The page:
A third world dictator conquers and rules a dystopian America in this “wonderful and terrifying” work of political science fiction (Samuel R. Delany).
By the time General Arslan brings his army from Turkistan to America, he has already conquered the rest of the world, using strategy and craft rather than bullets and bloodshed. The modern-day Genghis Khan sets up headquarters in tiny Kraftsville, Illinois, and when he asserts his power by violently assaulting an eighth-grade girl and boy—onstage, before a cheering audience of his soldiers—the townspeople know that no one is safe.
Forced to open his home to the despot, Franklin Bond, the school principal whose students were publicly violated, finds himself strangely drawn to the world’s new master and privy to his quirks and mental machinations. In fact, only one other person in town will have a closer connection to Arslan during the long, hard era of his reign: Hunt Morgan, the boy the dictator brutalized before the entire town—and whom he now owns.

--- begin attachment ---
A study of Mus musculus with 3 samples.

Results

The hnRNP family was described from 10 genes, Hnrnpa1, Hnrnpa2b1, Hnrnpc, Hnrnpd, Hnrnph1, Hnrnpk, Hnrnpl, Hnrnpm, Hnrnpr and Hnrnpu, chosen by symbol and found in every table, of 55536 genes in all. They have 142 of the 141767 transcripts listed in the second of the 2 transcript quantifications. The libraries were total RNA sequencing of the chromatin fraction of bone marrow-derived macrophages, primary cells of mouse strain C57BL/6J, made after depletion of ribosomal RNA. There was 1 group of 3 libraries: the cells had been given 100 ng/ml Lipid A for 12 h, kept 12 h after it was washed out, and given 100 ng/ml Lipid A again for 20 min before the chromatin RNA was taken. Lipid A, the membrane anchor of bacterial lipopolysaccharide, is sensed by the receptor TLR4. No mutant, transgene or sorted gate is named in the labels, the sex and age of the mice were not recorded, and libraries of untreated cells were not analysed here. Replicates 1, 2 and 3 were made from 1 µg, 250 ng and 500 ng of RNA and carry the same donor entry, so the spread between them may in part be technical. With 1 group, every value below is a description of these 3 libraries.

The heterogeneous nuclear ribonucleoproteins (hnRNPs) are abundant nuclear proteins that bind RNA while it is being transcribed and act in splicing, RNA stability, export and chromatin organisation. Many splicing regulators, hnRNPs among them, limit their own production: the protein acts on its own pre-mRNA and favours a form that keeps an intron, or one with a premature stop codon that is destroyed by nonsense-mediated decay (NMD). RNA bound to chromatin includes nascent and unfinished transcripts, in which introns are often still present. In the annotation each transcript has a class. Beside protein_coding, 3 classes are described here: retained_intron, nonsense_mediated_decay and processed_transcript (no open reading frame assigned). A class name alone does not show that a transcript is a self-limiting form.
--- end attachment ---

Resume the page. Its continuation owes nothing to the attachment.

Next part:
But there is a secret side to the human monster that no one, not even Bond or Morgan, sees during these years of terror and enslavement. For Arslan has already set a grander scheme in motion: to save our world . . . by destroying it.
Few works of speculative fiction have been held in higher regard—or provoked more outraged controversy—than M. J. Engh’s classic science fiction tale of the conquest of America. Brilliant and disturbing, this thought-provoking and surprising novel is an intriguing character study, a dire warning that continues to pack a devastating punch, and “without question one of the finest works of fiction of our generation” (Orson Scott Card).